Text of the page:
Thursday, February 7, 2008
Movies About Movies: THE BIG PICTURE (1989)
My viewing notes on Christopher Guest’s 1989 directorial debut The Big Picture include the line, “Thank God he started making those mockumentaries” and (scribbled about 1/3 of the way through) “I have yet to laugh once.”
I did eventually laugh. There is too much talent in the room not to occasionally land in the endzone. Even Guest’s dreadful other non-mockumentary, Almost Heroes, can induce laughter due to the presence of Chris Farley, Eugene Levy, et al. Some of the punchlines here are undeniable—like the premise of the sexy stewardess slash ghost story flick pitched as “ghosts by night, stews by day”—but much of the proceedings are hampered by Kevin Bacon’s inability to get out of aw-shucks mode. The jokes about Hollywood and L.A. are all so easy and seemingly cliché. There’s often no way to tell in hindsight if a joke was fresh at the time of its inception: I was 8 years old when this film was released, so I have limited context for its satire. There is a world of difference, though, between a joke that feels outdated and one that feels merely tired. Viewing the Big Picture, you have to wonder if it was ever funny simply to give Teri Hatcher big hair or have the protagonist drive a very, very small car or make all the extras at the party scenes grotesquely tanned.
What is most vexing about the film though—what makes me continue to mull it over instead of just consigning it 24 words of “not funny”—is that conceptually, this thing WORKS. The project that Bacon’s young, student-film-award-winning, wannabe director is attempting to get made in Hollywood is visualized as an organic, living thing. Whenever Bacon talks about it, we see on the screen exactly what he’s picturing. As the studio execs give him their creative input and he bends under pressure, we see the changes literally being made to his ‘film.’ Roles are recast with younger actors, settings are changed, etc. We see it happen, and we see its effect on Bacon’s character. It’s brilliantly done, but not, you know… FUNNY. Not really.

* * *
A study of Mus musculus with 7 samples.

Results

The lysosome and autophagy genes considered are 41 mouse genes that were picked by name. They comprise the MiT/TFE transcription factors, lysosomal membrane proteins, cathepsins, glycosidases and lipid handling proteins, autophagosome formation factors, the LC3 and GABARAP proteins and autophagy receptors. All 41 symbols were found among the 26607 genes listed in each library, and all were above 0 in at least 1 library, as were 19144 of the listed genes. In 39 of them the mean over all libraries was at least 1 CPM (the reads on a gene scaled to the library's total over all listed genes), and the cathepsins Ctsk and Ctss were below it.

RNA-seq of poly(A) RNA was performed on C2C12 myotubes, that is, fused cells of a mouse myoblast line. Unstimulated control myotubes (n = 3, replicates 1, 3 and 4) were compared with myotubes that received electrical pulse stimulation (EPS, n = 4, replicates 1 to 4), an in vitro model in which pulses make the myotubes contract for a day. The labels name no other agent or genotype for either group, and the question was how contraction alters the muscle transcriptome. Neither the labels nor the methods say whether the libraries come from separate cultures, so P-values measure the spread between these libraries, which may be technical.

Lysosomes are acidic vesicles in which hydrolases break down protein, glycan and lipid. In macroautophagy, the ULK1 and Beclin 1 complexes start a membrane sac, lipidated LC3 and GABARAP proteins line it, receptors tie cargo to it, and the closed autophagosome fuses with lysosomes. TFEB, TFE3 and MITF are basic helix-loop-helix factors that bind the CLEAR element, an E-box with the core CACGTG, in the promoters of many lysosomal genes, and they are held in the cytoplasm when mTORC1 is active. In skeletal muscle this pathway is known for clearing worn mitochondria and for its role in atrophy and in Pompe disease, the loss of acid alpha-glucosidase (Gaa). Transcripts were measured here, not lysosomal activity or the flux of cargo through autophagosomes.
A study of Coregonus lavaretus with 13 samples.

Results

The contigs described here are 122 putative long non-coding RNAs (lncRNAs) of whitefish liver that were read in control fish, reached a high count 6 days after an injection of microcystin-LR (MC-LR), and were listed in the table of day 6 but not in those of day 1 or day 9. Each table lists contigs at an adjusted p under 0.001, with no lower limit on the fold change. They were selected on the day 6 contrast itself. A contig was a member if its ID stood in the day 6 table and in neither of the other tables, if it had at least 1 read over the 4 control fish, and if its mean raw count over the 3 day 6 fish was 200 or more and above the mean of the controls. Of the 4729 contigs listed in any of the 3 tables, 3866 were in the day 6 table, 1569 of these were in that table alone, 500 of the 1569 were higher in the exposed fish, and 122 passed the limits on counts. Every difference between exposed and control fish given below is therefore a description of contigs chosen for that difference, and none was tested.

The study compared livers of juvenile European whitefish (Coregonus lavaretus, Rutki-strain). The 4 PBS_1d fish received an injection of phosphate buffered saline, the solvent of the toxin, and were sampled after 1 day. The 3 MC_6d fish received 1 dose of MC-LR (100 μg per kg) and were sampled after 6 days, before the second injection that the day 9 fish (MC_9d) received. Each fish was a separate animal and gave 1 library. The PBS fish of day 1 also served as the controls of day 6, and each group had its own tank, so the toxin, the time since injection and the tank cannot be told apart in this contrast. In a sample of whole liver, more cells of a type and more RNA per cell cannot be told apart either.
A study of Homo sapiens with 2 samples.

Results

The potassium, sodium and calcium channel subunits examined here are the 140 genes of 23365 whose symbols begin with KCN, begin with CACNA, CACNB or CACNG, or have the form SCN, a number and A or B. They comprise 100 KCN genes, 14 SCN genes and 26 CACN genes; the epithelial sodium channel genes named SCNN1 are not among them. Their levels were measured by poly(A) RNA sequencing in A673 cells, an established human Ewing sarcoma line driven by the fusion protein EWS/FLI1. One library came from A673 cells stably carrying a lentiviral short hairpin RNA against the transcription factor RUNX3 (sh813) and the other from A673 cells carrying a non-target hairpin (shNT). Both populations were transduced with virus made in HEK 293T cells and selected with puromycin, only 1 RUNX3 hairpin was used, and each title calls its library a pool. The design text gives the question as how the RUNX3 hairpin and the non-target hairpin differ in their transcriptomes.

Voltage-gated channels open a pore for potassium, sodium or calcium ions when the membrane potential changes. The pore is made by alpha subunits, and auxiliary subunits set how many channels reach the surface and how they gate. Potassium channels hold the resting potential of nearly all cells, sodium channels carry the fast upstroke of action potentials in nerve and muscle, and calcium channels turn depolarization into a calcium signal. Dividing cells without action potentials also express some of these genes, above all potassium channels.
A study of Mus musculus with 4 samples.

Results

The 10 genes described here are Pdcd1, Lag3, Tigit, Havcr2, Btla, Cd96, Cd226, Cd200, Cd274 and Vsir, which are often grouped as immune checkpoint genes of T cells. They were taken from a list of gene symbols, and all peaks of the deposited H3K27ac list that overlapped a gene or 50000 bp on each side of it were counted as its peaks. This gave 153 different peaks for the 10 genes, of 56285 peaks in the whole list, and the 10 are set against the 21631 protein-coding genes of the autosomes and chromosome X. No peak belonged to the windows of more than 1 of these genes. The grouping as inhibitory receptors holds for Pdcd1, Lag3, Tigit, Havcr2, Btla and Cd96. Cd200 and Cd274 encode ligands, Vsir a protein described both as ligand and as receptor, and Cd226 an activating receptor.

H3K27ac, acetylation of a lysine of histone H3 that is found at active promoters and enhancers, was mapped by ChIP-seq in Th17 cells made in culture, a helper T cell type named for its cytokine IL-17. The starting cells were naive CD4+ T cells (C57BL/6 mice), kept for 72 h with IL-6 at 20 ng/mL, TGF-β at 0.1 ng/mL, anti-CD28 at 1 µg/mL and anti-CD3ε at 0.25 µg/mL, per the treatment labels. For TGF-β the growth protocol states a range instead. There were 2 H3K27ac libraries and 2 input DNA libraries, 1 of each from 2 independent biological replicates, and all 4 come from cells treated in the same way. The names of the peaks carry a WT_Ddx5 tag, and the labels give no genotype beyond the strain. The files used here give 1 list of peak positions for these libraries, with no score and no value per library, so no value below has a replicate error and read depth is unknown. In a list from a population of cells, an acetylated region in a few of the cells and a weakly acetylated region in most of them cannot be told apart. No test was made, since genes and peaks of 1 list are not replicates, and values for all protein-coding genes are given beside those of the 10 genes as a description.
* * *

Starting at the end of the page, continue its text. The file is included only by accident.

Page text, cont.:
As the head studio exec subjecting the project to his own whims and tastes, the always wonderful J.T. Walsh gives one of the film’s two impeccable performances. Walsh was a man who was always cast as a slimeball kind of a guy, but he himself was such a loving man that some degree of humanity always shone through these sleazy characters. You even kind of rooted for him as the evil truckdriver menacing Kurt Russell in Breakdown. And so it is here. Walsh’s studio exec achieves a sort of George Costanza mystique: you know the character is a fundamentally bad, but the actor playing him is so sweet that the two merge and you end up loving a bastard. He and his assistant, played by Don Franklin, do a pretty good double act.
Another near-great performance—albeit one filled with annoying tics of the early-Nicholas-Cage-roles type—is given by Jennifer Jason Leigh as an eccentric fellow film student. The Big Picture is full of parodies, and it opens with four(!) faux student films. Leigh’s character’s “Afterbirth of a Notion” is the most spot-on, an imitation of surrealism, 80’s style. When asked if she’s working on any new films she says, “Nah, I’ve given up video. I’m into ham radio performance art now.”
The Big Picture is tonally inconsistent and spends most of its time existing in a lame, 50’s-filtered, studio bound nonreality. By the end credits, the ‘quirky’ ‘comedy music’ main theme and the mere sight of Bacon’s tiny car caused me to cringe. However, one actor stands tall and stays totally REAL amongst it all: Michael McKean.